When an individual is charged with a federal crime, whether by Complaint or Indictment, they are entitled to a Bail Hearing under Title 18 U.S.C. Section 3141 et seq. Under the relevant statute, a person may be released on a personal recognizance bond or unsecured appearance bond; on a condition or combination of conditions; or detained. The standard for the court is whether the person will appear for all proceedings and not be a danger to the community.
A personal recognizance bond or unsecured appearance bond is a document that the defendant signs, at times along with other family members or friends who are “responsible parties,” that states that the defendant will abide by all conditions of release and appear at all court appearances. If the defendant fails to do so, he and the responsible parties will owe a set sum of money to the government. In the District of New Jersey, even an unsecured appearance bond may result in a lien being placed on the signors real estate holdings until the case is completed.
Release on conditions — or a combination of conditions — is done to reasonably assure the court that person will appear and will not endanger the safety of any other person or the community. Such conditions may include: that the person not commit any other federal, state or local crime; remain in the custody of a designated person; maintain employment or continue in school; no drug or alcohol use; avoid all contact with victims or witnesses; regular reporting to Pre-Trial Services; the setting of a curfew; travel restrictions; electronic monitoring; no firearms in house; undergo psychological counseling; execution of an agreement to forfeit property is there is a violation of these conditions; or any other reasonable condition set by the court.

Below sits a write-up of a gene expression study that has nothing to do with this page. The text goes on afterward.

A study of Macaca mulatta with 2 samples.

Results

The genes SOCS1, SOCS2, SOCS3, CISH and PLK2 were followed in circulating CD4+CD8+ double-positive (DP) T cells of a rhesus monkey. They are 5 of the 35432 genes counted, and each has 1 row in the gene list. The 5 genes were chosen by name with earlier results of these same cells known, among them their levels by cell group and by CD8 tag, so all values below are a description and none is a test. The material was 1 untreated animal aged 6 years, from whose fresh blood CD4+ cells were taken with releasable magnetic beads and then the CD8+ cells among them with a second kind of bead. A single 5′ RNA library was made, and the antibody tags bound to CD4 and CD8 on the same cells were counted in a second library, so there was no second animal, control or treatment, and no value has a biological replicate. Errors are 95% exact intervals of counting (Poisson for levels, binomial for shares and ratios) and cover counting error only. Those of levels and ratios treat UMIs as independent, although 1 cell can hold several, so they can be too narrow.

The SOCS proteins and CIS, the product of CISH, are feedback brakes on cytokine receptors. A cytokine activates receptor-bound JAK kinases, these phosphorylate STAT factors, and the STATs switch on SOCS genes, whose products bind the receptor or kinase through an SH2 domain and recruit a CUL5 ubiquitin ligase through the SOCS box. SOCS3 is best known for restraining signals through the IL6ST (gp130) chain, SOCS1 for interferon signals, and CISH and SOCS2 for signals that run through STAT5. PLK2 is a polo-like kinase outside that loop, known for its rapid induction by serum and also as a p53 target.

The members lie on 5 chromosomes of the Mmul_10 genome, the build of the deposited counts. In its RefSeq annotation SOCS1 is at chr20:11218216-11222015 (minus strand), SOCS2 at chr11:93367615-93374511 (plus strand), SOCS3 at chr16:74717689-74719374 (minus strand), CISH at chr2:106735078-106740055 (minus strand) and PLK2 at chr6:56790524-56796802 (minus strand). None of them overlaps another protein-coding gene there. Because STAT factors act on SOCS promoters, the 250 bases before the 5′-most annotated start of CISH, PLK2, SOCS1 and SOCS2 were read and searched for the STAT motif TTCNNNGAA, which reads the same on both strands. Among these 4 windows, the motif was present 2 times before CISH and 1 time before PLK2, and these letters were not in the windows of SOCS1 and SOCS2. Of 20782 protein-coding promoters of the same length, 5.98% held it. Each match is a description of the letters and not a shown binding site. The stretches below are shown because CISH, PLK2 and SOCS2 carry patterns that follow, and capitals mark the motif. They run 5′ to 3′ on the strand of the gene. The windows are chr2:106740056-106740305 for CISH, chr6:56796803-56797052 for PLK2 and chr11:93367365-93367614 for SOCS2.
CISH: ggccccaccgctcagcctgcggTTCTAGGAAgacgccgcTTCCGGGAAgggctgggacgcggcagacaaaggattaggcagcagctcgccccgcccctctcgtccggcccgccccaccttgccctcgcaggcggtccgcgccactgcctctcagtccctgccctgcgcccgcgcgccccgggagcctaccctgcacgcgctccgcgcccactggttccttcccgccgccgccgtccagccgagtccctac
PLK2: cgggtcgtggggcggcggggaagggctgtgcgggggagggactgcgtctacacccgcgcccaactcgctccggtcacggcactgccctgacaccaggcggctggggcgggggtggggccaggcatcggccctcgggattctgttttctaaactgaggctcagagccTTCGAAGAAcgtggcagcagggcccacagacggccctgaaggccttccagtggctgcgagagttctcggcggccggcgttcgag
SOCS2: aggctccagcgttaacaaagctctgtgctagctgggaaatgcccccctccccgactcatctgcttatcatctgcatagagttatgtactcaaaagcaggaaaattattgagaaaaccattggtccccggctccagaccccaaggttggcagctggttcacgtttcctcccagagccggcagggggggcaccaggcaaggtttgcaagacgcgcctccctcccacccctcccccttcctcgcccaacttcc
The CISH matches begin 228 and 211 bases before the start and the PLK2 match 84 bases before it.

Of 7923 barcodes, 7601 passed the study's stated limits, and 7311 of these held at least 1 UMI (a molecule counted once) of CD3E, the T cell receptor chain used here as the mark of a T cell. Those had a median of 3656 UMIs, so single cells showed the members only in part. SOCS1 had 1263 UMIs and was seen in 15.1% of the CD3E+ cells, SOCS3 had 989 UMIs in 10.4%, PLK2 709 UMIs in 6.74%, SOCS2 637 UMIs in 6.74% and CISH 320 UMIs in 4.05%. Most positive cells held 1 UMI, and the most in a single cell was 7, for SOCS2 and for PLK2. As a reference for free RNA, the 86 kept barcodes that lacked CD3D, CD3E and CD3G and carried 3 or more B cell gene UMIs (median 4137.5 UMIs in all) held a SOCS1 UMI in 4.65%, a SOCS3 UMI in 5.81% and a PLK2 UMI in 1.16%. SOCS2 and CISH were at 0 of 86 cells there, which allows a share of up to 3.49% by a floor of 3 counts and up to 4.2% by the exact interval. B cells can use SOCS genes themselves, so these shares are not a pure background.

If no combination of conditions can reasonable assure that the person will not flee or is a danger to the community, then the court may order that person to be detained. Certain violent crimes and drug offenses have a presumption of detention that the defendant must overcome to be released.
The court has wide discretion in setting the combination of conditions for release. Property may be posted by the defendant or close friends or family members. The court will require sufficient equity in the property to satisfy the monetary amount set for bail, and will require a copy of the deed, proof that the mortgage and taxes are up to date, and an appraisal of the property. The court will also limit the defendant’s travel, usually to the District or state of the charges, with permission to travel outside of that area with preapproval by the court and/or Pre-Trial Services. The court may also require electronic monitoring – usually a device placed on one’s ankle – that alerts Pre-Trial Services if the person leaves their home during hours they are not permitted to.
Often, defense counsel and the Assistant U.S. Attorney, working with Pre-trial Services, can agree on a set of conditions for release. When no agreement can be reached, then the individual must have a contested bail hearing before a Magistrate-Judge who will determine whether there is a combination of conditions that will insure the defendant’s appearance and the safety of the community.
Regardless of how stringent the release conditions, none of the time on pre-trial release is counted towards the person’s sentence. Even strict home confinement with electronic monitoring does not count. Only pre-trial detention is counted as part of the ultimate sentence.
Experienced federal criminal defense counsel is essential when an individual is charged with a federal crime. The requirements to be released can be complex and are always case specific.
Stahl Criminal Defense Lawyers aggressively defend individuals charged with complex federal and state crimes. Founder Robert G. Stahl is recognized as one of the top criminal defense attorneys in the NY/NJ area for his skills, knowledge and success. To contact us to discuss your case, call 908.301.9001 for our NJ office and 212.755.3300 for our NYC office, or email us at email@example.com.